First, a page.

Town hall meeting addresses learning framework


By Bleah B. Patterson

The Alamo Colleges Super Senate is sending a letter, similar to Northwest Vista College’s petition to the Texas Higher Education Coordinating Board, to Chancellor Bruce Leslie and trustees.

The letter, expected to be sent today, requests the chancellor’s response by Feb. 19.

In a town hall meeting Monday in the nursing complex, this college’s Faculty Senate distributed copies of a letter from the district’s Super Senate, which is made up of representatives of each of the five colleges’ senates, in conjunction with each of the senates.

Previously, the senates had decided to give the chancellor until March 7 to respond, however, because the Texas Higher Education Coordinating Board will be making a final decision March 1, the schedule was adjusted.

Before the meeting began, President Dawn Elmore of this college’s senate and NVC senator Neil Lewis were discussing the chancellor’s 11-page response.

Elmore said, “It’s the principle of the thing. You don’t do stuff like this and slap together some B.S., 11-page letter to make it better.”

The letter, written by Elmore, echoes NVC’s Faculty Senate letter in voicing concerns about breaches in the decision-making process in replacing a humanities course in the core curriculum with EDUC 1300, Learning Framework, a recast student development course with added material from two of the late Steven Covey’s self-help books.

“The established procedures in place that afford us shared governance and permit us to take responsibility for the decision were not followed,” the letter reads. “We have very limited ownership due to our exclusion from the process on a larger scale.”

During a 2012-2013 core change, the Alamo Colleges’ faculty banded together to create a process for future core changes, Elmore said. This process was designed to protect faculty and, ultimately, students.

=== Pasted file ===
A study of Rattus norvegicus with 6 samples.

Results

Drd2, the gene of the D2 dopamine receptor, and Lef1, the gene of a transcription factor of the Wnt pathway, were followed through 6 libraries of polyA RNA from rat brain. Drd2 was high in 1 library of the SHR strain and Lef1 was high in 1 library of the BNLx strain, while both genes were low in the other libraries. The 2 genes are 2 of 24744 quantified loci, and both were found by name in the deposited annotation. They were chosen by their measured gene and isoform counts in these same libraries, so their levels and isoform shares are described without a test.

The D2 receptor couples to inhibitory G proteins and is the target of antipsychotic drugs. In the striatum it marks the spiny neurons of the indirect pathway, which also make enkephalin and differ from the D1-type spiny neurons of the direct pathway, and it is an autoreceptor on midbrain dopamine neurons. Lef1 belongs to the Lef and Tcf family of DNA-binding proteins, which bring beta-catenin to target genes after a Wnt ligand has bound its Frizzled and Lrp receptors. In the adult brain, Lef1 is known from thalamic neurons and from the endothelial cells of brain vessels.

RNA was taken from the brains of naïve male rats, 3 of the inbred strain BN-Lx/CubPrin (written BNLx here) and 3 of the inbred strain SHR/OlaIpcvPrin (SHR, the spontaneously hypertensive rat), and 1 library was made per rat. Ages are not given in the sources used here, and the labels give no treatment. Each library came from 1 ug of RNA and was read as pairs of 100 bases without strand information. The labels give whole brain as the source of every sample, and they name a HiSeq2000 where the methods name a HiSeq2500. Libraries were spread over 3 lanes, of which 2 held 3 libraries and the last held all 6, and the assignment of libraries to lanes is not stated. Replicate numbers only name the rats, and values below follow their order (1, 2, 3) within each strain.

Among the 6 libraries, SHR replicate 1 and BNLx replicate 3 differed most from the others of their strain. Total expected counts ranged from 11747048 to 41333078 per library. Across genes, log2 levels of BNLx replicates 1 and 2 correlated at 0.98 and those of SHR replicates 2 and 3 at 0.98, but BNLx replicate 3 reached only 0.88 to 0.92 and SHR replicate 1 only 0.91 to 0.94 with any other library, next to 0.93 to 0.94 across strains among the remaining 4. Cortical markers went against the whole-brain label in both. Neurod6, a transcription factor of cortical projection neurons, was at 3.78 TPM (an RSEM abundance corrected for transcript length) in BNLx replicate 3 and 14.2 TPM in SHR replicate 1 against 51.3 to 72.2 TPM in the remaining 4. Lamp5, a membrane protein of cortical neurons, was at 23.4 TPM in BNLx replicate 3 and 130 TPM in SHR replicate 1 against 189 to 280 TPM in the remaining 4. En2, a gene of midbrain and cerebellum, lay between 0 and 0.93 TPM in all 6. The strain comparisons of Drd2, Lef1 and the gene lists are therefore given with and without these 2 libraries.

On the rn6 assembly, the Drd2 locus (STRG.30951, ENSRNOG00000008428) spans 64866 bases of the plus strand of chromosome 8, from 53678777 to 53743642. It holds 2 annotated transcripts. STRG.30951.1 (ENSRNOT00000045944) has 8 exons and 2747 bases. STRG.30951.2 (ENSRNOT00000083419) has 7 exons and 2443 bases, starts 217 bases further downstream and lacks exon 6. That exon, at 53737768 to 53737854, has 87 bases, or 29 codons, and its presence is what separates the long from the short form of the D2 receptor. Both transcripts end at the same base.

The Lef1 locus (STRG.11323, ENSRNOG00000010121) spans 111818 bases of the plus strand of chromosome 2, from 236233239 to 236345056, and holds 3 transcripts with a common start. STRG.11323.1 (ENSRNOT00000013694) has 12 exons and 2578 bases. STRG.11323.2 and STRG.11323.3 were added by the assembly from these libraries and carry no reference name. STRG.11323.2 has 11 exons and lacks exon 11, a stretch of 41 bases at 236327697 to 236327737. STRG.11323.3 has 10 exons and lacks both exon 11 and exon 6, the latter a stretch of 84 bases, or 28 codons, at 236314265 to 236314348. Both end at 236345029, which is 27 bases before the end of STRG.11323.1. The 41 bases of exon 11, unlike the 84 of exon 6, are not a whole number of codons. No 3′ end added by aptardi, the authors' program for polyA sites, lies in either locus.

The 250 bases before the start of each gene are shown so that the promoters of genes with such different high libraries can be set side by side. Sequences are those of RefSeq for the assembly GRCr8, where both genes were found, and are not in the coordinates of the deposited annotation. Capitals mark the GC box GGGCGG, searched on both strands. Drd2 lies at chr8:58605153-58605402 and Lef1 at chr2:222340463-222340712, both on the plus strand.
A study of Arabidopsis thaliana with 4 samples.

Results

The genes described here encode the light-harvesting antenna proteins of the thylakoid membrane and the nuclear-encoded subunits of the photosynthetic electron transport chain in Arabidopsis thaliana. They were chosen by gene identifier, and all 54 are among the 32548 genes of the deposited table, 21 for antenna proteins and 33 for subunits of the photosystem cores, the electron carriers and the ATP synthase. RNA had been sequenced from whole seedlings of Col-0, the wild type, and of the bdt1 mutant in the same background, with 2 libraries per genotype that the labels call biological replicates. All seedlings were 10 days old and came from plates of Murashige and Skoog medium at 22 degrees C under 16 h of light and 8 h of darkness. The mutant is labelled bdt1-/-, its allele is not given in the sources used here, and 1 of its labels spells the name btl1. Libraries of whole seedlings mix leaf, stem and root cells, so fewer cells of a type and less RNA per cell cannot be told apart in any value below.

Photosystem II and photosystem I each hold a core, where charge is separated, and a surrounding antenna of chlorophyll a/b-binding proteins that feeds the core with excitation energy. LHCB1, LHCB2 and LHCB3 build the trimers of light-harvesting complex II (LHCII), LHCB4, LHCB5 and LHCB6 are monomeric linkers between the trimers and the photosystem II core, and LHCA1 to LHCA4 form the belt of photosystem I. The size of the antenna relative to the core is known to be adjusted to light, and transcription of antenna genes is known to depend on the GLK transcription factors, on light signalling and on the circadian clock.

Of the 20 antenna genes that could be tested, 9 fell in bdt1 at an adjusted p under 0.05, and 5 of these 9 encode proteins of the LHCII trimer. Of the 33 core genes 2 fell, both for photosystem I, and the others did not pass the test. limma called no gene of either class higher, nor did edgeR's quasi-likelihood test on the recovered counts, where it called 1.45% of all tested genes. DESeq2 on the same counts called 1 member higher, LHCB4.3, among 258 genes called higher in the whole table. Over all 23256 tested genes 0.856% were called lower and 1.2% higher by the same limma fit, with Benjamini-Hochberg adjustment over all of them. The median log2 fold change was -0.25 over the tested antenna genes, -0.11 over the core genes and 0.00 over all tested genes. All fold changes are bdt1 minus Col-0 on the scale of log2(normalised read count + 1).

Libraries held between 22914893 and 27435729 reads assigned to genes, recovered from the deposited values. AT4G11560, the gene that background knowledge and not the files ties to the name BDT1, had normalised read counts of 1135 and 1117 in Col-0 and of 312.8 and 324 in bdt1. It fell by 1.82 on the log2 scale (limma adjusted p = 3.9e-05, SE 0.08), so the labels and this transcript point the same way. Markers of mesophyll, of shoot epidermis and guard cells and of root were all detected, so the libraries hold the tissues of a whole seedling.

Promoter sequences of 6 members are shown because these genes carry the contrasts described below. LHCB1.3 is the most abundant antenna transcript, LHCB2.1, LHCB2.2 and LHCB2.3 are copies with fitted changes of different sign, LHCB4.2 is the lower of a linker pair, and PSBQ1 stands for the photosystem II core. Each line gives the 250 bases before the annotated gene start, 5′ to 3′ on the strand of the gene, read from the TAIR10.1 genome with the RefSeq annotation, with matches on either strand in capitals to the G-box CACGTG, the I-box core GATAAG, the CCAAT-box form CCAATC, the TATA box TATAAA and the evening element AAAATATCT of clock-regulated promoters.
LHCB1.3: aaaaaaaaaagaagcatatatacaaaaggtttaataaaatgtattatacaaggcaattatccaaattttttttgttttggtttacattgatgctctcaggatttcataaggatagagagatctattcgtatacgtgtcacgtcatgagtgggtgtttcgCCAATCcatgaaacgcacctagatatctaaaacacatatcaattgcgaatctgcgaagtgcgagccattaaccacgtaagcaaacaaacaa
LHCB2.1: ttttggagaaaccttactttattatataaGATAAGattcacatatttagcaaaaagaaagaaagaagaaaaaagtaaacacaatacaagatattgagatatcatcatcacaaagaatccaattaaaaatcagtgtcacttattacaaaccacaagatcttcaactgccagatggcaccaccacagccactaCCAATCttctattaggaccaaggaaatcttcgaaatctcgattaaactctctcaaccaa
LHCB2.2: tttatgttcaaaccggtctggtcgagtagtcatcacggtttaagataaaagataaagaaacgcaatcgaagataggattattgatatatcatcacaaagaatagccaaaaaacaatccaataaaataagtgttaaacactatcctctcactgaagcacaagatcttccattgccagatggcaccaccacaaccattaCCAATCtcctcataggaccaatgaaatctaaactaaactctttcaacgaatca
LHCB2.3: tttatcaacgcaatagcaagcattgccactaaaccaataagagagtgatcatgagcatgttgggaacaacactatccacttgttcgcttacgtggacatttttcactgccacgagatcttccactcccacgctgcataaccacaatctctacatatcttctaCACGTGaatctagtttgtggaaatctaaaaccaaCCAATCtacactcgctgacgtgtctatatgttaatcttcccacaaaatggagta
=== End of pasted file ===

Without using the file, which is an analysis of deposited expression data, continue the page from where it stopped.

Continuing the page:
“Faculty members were required to attend a two-hour meeting and received almost weekly emailed updates on the process. Now, with major changes being proposed in our core curriculum, we have yet to receive any communication about this important proposal,” the letter continues.

“The current procedures in place would have allowed for input from each of the constituencies, thus making the decision one in which we all held full stakeholder status,” the letter reads.

The faculty senate said that there was no reason that Chancellor Bruce Leslie wasn’t completely aware of the opposition he faced.

“Our own leadership (President Ziegler and Vice President Vela) consulted with the faculty and our administration advocated our stance. We have on good authority the administration at the other schools voiced the same stance,” Elmore said.

The current status of the change’s approval has become unclear, both this colleges faculty senate and the senate members of NVC feel that the core has been approved and the coordinating board are holding out until Feb. 28 to announce their final decision.

“My understanding is that it has been approved but will not be made final until the deadline,” Lewis said.

Upon reading the Elmore’s proposed letter President Ziegler said that he did not think it would be appropriate for the college to send the letter directly to the coordinating board, nor did he feel comfortable signing the letter even though he agrees that the proper process was not followed.

“The president believes that I we’re going to criticize the Chancellor’s process, then we must lead by example and follow due process,” Elmore said.

Instead, Zeigler is gathering the College Executive Team to investigate the process and write a letter that will be sent directly to the board by the end of this week.

At Tuesday’s College Council meeting, Zeigler said, “I told Dawn that I would get with CET to look at the statement that the Super Senate put out and we would see if we wanted to make a statement or say anything or endorse anything.”